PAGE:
Citizens encouraged to assess home heating systems before use during colder weather

With colder mornings forecasted heading into this weekend, leaders of Columbia Richland Fire are asking residents to inspect and make any necessary repairs on their home heating devices before turning them on for the long winter season. Citizens are also strongly encouraged to monitor space heaters and fireplace fires if they intend to start either in their homes.


“The arrival of colder weather always goes hand in hand with the increased risk of property fires,” said Columbia Richland Fire Chief Aubrey D. Jenkins, “That risk can be GREATLY diminished with regular maintenance of your home’s heating system. Also, the use of fireplaces is expected to go up as we get into the holiday season. That creates a risk for more chimney fires in area homes.”

Each year heating systems are a leading cause of home fire deaths, according to the National Fire Protection Association. The NFPA has also reported that heating equipment was involved in more than 54,000 reported U.S. home fires from 2011 to 2015. In many cases the leading factor contributing to the home heating fires was a failure to clean the heating equipment.

Here’s a few tips to heat your home safely this winter, courtesy of NFPA:

  • Keep anything that can burn at least 3 feet away from heating equipment, like the furnace, fireplace, wood stove, or portable space heaters.

  • Never use your oven to heat your home. 
  • Have a qualified professional install stationary space heating equipment, water heaters or central heating equipment according to the local codes and manufacturer’s instructions.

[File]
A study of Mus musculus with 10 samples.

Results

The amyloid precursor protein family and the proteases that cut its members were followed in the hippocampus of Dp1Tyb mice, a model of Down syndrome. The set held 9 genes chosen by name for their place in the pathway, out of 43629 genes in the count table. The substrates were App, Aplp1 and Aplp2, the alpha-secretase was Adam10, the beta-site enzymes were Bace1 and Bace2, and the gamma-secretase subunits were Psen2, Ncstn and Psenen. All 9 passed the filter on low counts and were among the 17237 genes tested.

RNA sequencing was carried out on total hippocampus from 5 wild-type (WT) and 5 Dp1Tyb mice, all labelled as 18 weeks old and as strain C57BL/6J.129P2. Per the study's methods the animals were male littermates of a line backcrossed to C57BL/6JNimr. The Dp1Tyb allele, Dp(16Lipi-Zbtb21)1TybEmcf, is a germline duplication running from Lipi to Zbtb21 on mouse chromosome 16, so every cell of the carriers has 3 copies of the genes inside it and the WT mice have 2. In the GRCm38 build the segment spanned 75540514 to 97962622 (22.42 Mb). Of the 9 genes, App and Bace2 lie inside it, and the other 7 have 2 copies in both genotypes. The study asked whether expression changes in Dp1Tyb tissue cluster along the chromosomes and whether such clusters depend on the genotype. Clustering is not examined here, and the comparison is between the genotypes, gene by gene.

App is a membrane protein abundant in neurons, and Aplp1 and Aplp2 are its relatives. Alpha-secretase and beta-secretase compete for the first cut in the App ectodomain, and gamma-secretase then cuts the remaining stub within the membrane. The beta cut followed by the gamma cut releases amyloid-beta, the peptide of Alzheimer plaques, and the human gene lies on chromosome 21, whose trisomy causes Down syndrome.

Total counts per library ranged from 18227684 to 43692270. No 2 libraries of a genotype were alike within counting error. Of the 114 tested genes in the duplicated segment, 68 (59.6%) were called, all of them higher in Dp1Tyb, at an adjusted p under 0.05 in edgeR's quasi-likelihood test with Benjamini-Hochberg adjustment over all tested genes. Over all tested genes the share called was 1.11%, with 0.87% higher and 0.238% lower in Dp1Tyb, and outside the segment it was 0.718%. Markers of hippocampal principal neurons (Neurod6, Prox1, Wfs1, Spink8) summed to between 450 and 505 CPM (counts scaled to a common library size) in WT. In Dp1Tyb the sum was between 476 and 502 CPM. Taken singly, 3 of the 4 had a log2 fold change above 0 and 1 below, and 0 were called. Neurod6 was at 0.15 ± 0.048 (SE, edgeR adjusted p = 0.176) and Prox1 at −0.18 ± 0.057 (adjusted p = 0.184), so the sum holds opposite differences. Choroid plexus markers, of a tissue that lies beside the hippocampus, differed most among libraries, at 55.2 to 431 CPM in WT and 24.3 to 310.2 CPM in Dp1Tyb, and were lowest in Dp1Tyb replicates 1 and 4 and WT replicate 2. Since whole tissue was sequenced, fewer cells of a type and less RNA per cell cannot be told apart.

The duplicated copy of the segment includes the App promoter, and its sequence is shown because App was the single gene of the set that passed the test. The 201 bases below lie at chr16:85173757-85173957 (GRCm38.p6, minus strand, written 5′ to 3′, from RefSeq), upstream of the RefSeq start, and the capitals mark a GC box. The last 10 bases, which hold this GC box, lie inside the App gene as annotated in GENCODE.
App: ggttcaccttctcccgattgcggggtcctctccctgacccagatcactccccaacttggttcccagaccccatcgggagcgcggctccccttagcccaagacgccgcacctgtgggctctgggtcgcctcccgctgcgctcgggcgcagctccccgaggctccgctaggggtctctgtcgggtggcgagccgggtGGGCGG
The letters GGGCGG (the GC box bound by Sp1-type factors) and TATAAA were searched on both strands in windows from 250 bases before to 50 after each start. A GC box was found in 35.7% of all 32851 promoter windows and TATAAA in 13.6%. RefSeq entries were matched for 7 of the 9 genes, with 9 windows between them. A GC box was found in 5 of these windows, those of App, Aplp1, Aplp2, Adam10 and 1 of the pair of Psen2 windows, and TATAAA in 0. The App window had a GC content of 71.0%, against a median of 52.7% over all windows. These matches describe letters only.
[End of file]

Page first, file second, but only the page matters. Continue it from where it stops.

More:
• Have heating equipment and chimneys cleaned and inspected every year by a qualified professional. 
  • Remember to turn portable heaters off when leaving the room or going to bed.
  • Always use the right kind of fuel, specified by the manufacturer, for fuel burning space heaters.
  • Make sure the fireplace has a sturdy screen to stop sparks from flying into the room. Ashes should be cool before putting them in a metal container. Keep the container a safe distance away from your home.

  • Test smoke alarms at least once a month. 
  • Never use a portable generator inside your home. Place it outside and at least 10 feet away from the building. 
  • Install wood burning stoves following manufacturer’s instructions or have a professional do the installation. All fuel-burning equipment should be vented to the outside to avoid carbon monoxide (CO) poisoning. 
  • Install and maintain CO alarms to avoid the risk of CO poisoning. If you smell gas in your gas heater, do not light the appliance. Leave the home immediately and call your local fire department or gas company.

For more information on how to heat your home safely this winter, click here.